Chicken in Ethiopian-Spiced Tomato Sauce with Crunchy Chickpeas

Chicken in Ethiopian Spiced Tomato Sauce.jpg

My boyfriend has been in Copenhagen for the past month and a half and my stepmom once called and asked if I felt scared or alone. Hah! I never feel lonely or bored, dear Stepmom. In fact, there's nothing I enjoy more than being alone, which means I could #singlegirldinner for eternity and be just fine. Whether this is a good thing or a bad thing, I can never decide. (Also probably why this blog will never die.)

If I'm cooking for others, I tend to compose comprehensive menus with multiple dishes, which can be time-consuming and many times makes me wonder what in the world I got myself into. (I chronicled some of my recipes on an alter-ego cooking blog when I lived at the ranch.) However, if I'm cooking just pour moi, it's usually a one-dish wonder that's easy to throw together. Bachelorette-style cooking, if you will. Sometimes it's just a matter of me assembling a plate of nibbles

I don't think I could think of a more boring cut of meat than the bland ol' boneless skinless chicken breast–essentially a solid block of protein–but it's the perfect blank canvas when you're watching what you eat. (As I recall, it's also favored by city bachelors.) Honestly, I used to think they were so limiting for some reason. What else could ya do aside from poachin' 'em, bakin' 'em, grillin' 'em... Poundin' 'em out and breadin' 'em... Stuffin' 'em... OK, I guess you could do a number of things with 'em.

I just never found them to be particularly interesting. *shrug* Healthy, yes; interesting, no. 

In an effort to spice things up, I reached for my tin of Ethiopian bebere spice and put it to work in this curry-inspired tomato sauce concoction. There's garlic, ginger, red onion and jalapeño in it, so there's no shortage on flavor here. The chicken breast, which I've cut into strips, is enrobed in this jubbly-wubbly sauce with every bite. For good measure, I add a few crunchy spiced chickpeas for texture and garnish with chopped chives. This might be gilding the lily but I also give it a good lashing of additional hot sauce which, I'll admit, feels a tad more bachelor-y than bachelorette-y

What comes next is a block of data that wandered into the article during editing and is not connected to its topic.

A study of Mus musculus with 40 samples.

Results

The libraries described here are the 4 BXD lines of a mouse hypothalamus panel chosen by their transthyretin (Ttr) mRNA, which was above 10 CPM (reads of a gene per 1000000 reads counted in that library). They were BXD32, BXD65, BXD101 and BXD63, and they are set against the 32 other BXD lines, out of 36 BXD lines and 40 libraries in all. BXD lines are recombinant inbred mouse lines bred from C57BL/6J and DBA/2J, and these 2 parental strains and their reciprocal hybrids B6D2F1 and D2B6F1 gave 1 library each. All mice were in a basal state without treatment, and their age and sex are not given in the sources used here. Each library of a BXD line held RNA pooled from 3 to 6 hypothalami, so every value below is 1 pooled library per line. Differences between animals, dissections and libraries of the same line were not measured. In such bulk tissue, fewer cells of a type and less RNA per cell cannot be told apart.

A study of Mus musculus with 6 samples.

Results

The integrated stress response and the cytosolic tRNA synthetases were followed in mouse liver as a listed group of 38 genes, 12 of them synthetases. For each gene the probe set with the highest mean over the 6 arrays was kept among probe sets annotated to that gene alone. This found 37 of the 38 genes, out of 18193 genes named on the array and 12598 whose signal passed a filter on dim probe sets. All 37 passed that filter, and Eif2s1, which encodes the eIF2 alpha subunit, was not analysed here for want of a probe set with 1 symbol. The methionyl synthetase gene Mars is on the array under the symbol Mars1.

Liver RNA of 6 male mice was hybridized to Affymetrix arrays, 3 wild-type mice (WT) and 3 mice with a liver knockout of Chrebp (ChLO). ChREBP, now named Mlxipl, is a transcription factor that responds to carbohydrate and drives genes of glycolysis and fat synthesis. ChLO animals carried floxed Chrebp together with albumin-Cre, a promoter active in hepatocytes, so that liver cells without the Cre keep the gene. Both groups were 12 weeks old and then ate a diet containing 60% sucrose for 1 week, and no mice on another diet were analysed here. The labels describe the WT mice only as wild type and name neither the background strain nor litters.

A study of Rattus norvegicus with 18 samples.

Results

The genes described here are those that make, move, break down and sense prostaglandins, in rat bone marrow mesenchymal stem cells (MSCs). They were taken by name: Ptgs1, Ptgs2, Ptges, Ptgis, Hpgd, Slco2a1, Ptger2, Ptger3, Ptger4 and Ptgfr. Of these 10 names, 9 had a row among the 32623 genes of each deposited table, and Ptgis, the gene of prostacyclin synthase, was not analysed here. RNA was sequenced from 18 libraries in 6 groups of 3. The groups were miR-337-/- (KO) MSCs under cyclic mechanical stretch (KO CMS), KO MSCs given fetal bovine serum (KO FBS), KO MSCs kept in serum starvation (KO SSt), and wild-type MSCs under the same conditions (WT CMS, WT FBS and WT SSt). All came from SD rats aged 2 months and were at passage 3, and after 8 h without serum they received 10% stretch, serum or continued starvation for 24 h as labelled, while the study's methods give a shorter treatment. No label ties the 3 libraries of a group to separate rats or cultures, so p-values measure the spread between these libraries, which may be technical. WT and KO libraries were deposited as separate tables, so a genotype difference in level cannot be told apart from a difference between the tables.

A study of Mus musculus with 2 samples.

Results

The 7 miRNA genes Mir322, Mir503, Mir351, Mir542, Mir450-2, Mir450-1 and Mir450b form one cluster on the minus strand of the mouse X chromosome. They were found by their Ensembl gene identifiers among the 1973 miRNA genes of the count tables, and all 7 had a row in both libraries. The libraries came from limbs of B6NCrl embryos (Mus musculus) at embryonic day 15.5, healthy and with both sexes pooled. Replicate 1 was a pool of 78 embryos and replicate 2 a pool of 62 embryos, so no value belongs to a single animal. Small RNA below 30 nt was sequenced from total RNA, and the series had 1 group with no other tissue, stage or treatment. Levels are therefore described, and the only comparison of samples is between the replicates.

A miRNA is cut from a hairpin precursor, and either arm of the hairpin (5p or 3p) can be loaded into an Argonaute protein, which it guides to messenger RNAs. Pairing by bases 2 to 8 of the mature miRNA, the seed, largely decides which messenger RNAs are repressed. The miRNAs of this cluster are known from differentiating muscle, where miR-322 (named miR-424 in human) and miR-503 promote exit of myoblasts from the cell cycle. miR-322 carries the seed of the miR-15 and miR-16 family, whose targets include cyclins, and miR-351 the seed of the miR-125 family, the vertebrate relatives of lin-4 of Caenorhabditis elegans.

3 tablespoons of ghee (preferably 4th & Heart’s Himalayan Pink Salt Ghee–the best!)
4 cloves of garlic
1/2 red onion, sliced into thin wedges, layers separated
2-inch piece of fresh ginger, peeled and finely minced or grated
1/2 jalapeño, thinly sliced
1 1/2 cups crushed tomatoes (canned)
1 bay leaf
Handful of cilantro leaves, chopped
3 tablespoons Ethiopian bebere spice
2 tablespoons of plain Greek yogurt or sour cream
2 large boneless skinless chicken breasts, sliced into 1-inch thick strips
Salt, to taste

For garnish
Saffron Road’s Crunchy Chickpeas in Bombay Spice flavor
Fresh chives, chopped
Splash of hot sauce of your choice (optional)


2. Pour in the crushed tomatoes. Add bay leaf, chopped cilantro, Ethiopian bebere spice, smoked paprika and dried red chili flakes.  Bring to a boil, stirring with a wooden spoon. Reduce heat to medium and continue simmering, scraping up any browned bits. Cook until sauce thickens, about 10 minutes.

3. Add plain Greek yogurt or sour cream to the sauce. Stir until evenly incorporated. 

4. Add chicken strips to the skillet and cook on low heat, partially covered, for 10 minutes or until chicken is cooked through. Taste and adjust seasonings, adding more salt if necessary.

5. To serve, spoon chicken onto plate and garnish with a few crunchy chickpeas, chopped chives, and a splash of hot sauce. 

 

*Would taste amazing over rice or with warmed flatbread, however low-carb options include sautéed greens with garlic, mashed cauliflower, or Miracle Noodles. I like to sauté chopped kale and garlic in ghee or olive oil with a sprinkle of vegan parm/nutritional yeast until it gets a bit crispy.